Suspect Refuses to Take a Lie Detector Test Over Forged Army Document

Defense attorney claims that admissions by Harpaz were made under pressure by police interrogators.

A Petach Tikvah court on Sunday remanded Lieut. Col (Res.) Boaz Harpaz until Wednesday, on suspicion of forging the so-called 'Galant document.'

Boaz Harpaz - Channel 2 - August 25, 2010
Channel 2

During the hearing, Harpaz's lawyer claimed that he did not forge the document, and that the admissions that were procured from him were as a result of pressure applied by interrogators to break his spirit. It was also revealed that during the investigation Harpaz refused to take a lie detector test.

Harpaz admitted on the weekend that he forged the document after he had made several contradictory claims, including that he did not remember from who he received the document, and that the received the document as a fax or in an envelope in a café.

After he admitted to forging the document, Harpaz refused to divulge who he collaborated with, although the police believe that he was aided by others. Since the document contains details that are top secret, investigators are still trying to figure out who helped Harpaz.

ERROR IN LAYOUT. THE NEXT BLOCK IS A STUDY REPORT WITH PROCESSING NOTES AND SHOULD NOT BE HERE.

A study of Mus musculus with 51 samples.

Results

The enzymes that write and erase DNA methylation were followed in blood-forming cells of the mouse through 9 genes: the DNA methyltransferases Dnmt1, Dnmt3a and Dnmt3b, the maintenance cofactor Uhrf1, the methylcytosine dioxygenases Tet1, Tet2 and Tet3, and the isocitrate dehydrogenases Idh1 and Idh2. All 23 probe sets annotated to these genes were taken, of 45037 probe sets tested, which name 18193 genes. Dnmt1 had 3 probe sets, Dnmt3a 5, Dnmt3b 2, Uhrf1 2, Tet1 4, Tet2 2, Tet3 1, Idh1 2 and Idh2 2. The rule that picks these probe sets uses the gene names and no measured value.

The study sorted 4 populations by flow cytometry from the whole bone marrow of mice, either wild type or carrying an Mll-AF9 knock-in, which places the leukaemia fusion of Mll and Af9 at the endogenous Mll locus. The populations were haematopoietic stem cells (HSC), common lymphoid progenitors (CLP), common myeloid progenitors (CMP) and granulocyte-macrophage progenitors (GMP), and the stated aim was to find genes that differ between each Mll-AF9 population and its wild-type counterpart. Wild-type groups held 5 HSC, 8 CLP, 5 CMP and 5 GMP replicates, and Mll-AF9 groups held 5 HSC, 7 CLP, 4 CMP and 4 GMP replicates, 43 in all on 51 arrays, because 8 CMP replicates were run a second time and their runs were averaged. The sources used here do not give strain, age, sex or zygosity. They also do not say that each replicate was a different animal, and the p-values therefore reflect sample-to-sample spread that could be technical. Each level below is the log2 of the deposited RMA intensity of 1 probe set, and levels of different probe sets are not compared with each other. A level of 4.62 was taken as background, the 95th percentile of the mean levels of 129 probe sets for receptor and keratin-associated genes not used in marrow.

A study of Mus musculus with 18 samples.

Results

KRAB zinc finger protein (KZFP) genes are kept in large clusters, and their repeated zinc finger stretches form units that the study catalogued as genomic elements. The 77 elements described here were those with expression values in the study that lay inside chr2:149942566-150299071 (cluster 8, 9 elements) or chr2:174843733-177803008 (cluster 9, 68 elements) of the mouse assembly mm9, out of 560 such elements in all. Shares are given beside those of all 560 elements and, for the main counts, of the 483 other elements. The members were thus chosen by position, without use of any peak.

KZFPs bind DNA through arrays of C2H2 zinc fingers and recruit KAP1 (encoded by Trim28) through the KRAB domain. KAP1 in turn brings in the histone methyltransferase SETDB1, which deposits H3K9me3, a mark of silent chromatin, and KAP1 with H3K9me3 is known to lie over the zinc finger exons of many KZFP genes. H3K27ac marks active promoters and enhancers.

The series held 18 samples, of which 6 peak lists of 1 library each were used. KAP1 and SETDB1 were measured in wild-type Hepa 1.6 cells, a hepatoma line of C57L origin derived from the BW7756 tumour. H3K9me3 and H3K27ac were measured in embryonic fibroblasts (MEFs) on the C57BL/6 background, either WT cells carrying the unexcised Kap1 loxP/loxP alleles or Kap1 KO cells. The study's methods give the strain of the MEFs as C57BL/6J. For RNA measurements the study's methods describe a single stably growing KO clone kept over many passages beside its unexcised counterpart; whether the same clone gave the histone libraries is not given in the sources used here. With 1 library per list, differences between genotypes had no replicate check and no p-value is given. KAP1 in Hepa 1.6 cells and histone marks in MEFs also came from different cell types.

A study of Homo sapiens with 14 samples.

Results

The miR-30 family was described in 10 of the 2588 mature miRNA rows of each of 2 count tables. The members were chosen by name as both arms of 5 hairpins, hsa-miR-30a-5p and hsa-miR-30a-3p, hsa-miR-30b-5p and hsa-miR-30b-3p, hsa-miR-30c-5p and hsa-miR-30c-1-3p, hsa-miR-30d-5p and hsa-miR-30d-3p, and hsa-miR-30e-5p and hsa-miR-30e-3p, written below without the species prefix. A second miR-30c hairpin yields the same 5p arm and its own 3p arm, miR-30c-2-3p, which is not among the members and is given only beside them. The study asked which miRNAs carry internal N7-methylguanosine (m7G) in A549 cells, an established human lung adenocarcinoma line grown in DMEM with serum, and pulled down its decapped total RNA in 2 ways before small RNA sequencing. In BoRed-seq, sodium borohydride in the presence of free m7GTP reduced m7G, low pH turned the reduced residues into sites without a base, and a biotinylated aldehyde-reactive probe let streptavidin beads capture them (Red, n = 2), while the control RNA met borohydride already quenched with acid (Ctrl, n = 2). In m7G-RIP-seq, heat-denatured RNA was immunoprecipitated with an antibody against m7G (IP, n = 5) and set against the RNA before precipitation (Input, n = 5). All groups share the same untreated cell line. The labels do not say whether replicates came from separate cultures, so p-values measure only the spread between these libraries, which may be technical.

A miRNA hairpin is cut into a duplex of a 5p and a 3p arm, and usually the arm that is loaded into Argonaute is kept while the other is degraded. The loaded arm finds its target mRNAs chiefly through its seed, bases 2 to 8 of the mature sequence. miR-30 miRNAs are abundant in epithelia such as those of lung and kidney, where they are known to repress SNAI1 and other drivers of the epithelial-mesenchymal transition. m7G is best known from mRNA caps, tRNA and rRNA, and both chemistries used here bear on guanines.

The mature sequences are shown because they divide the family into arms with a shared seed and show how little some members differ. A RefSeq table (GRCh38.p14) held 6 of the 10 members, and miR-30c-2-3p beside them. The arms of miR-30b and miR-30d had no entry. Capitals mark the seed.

As a result, another person that was involved in the leak of the document, other than Gabi Siboni, is being investigated on suspicion of forging the document. The suspect has given testimony to the police and is expected to be interrogated again within days.

Investigators in the case believe that insiders involved in choosing a new Chief of Staff authored the document and added the logo of Arad Communications, in order to torpedo the nomination of Major General Yoav Galant as Chief of Staff, and to harm Defense Minister Ehud Barak.

Police do not believe that Harpaz did not have a clear motive to have authored the document on his own, but that another or others involved in the forgery were motivated to prevent the nomination of Galant, hurt Defense Minister Barak, and extend the term of Chief of Staff Gabi Ashkenazi.

In an unusual move, investigators granted Harpaz permission to meet with his wife Meirav, who also gave testimony to the police last week, after Harpaz had admitted authoring the document. Harpaz's attorney, Yechiel Weinroth, also visited him on Friday morning.

Police spokesperson Rafi Yafeh refused to comment on the incident on Saturday night.